After fears the Loch Ness Monster had “disappeared” last winter, a new sighting in May 2017 was celebrated by its enthusiasts. The search for monsters and mythical creatures (or “cryptids”) such as Nessie, the Yeti or Bigfoot is known as “cryptozoology”.
On the face of it, cryptozoology has little in common with mainstream conservation. First, it is widely held to be a “pseudoscience”, because it does not follow the scientific methods so central to conservation biology. Many conservation scientists would find the idea of being identified with monsters and monster-hunters embarrassing.
Moreover, in the context of the global collapse in biodiversity, conservationists focus their attentions on protecting the countless endangered species that we know about. Why waste time thinking about unknown or hypothesised creatures? Most people are rightly sceptical of sightings of anomalous primates or plesiosaurs in densely populated regions that have been surveyed for hundreds of years.
However, while there are strong ecological and evidence-based reasons to doubt the existence of charismatic cryptids such as Nessie and Bigfoot, conservationists should not automatically dismiss enthusiastic searches for “hidden” species. In fact, cryptozoology can contribute to conservation in several ways.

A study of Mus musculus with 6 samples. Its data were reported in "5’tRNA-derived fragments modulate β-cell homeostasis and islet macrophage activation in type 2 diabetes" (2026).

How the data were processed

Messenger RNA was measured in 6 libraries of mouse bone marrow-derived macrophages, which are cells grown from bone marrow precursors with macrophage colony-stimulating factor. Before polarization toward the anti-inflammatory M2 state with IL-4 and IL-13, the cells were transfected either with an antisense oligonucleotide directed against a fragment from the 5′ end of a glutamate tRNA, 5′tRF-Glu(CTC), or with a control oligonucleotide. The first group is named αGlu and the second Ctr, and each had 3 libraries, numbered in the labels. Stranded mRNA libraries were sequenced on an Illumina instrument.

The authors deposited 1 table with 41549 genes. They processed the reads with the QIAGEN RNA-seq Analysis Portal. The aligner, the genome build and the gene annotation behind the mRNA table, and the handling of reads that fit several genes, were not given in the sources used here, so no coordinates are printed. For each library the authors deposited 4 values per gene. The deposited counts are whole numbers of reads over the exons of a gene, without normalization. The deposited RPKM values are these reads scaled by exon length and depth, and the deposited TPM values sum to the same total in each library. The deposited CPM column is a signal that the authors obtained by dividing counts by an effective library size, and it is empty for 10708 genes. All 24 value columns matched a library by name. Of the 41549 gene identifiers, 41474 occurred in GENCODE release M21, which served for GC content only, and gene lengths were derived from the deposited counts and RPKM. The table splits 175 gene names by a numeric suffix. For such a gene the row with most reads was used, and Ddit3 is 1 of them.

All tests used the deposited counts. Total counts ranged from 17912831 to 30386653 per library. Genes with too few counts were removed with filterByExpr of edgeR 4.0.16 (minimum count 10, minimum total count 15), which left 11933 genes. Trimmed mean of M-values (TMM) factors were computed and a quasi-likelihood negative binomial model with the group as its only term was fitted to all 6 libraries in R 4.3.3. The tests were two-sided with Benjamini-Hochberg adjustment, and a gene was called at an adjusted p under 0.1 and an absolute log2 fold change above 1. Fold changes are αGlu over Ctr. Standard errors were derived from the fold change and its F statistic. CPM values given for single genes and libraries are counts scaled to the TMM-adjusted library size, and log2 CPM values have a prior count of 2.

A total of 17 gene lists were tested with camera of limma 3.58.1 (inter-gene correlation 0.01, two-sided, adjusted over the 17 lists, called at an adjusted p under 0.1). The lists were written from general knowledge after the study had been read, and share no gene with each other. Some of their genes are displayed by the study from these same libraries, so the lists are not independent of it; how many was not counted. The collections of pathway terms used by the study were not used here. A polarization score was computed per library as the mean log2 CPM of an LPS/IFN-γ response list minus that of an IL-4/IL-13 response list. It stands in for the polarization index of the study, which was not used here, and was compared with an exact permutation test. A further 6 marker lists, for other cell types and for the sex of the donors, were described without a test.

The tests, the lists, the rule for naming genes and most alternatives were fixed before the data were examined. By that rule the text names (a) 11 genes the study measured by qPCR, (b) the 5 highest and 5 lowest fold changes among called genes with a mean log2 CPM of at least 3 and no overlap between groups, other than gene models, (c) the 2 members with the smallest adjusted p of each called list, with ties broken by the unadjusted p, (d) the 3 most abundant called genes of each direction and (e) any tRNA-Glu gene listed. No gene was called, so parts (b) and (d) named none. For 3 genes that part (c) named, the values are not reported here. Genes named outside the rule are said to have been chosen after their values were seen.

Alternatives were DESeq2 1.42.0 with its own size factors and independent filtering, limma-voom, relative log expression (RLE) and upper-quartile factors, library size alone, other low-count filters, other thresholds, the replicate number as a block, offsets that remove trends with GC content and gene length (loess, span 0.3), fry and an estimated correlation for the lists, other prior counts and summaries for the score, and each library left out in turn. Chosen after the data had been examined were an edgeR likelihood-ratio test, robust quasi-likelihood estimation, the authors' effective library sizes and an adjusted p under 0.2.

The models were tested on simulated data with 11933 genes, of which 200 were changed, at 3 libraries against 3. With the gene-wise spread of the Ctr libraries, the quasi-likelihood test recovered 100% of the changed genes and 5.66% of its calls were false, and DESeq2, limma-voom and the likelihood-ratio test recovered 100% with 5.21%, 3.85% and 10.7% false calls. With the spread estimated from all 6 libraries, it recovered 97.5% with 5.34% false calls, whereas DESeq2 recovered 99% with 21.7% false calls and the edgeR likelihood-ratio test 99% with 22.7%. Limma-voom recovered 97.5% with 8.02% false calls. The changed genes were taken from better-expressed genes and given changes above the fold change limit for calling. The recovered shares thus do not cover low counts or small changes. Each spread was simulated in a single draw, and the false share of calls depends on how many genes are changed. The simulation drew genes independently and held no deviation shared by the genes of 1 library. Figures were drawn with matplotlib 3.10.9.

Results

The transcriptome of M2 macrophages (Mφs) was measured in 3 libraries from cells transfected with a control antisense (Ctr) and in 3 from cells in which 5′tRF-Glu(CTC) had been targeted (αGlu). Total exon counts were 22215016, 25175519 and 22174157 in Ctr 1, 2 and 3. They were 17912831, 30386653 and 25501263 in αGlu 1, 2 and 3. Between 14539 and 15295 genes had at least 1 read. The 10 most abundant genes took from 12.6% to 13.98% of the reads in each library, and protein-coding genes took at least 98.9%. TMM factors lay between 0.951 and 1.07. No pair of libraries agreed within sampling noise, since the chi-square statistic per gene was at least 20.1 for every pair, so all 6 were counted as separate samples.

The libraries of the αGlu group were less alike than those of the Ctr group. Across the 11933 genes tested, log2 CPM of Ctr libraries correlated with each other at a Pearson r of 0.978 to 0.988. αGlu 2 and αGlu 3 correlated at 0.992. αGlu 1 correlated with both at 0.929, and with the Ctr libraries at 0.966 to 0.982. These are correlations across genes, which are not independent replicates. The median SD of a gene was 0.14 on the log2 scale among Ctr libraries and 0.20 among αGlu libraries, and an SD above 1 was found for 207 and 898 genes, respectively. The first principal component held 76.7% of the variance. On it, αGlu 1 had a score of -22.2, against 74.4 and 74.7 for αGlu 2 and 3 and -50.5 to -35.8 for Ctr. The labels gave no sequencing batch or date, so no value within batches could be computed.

Firstly, the process of mapping out the world’s species is far from finished. Conservationists aim to protect and preserve known plants and animals – but it is not always appreciated how many remain “undescribed” by scientists. Since 1993, more than 400 new mammals have been identified, many in areas undergoing rapid habitat destruction. The number of undescribed beetles, for example, or flies, let alone microscopic organisms, will be huge.
We are entering a new age of discovery in biology with descriptions of new species reaching rates comparable to the golden era of global exploration and collection in the 18th and 19th centuries. The advent of methods such as DNA barcoding offer the possibility of automated species identification.
A recent mathematical model predicted that at least 160 land mammal species and 3,050 amphibian species remain to be discovered and described. Other predictions suggest that a large proportion of undescribed species will go extinct without ever being recorded or conserved at all – a phenomenon we might term “crypto-extinction”.
The father of cryptozoology, Bernard Heuvelmans, argued that “the great days of zoology are not done”. In the sense that so many species remain undiscovered, he was correct. The main principle behind cryptozoology is soundly zoological: species exist that humans have not discovered or described. The quest to locate and protect the world’s biodiversity is one that conservation and cryptozoology share, even if cryptozoologists tend to focus their attentions on the large, mythical and monstrous, over the small, plausible, and non-mammalian species in our midst.
Cryptozoology involves rampant speculation and unconventional surveying methods. But controversial new “findings” can inspire a renewed quest to better map out the natural world. This was the case with the cryptid spiral-horned ox, never seen by a scientist in the flesh and known only from a few horns found in a market in Vietnam. The debate between rival camps of zoologists about whether the ox existed pulled together historic accounts, local folklore, and samples of museum specimens – all classic cryptozoological methodologies.
This article was originally published by The Conversation.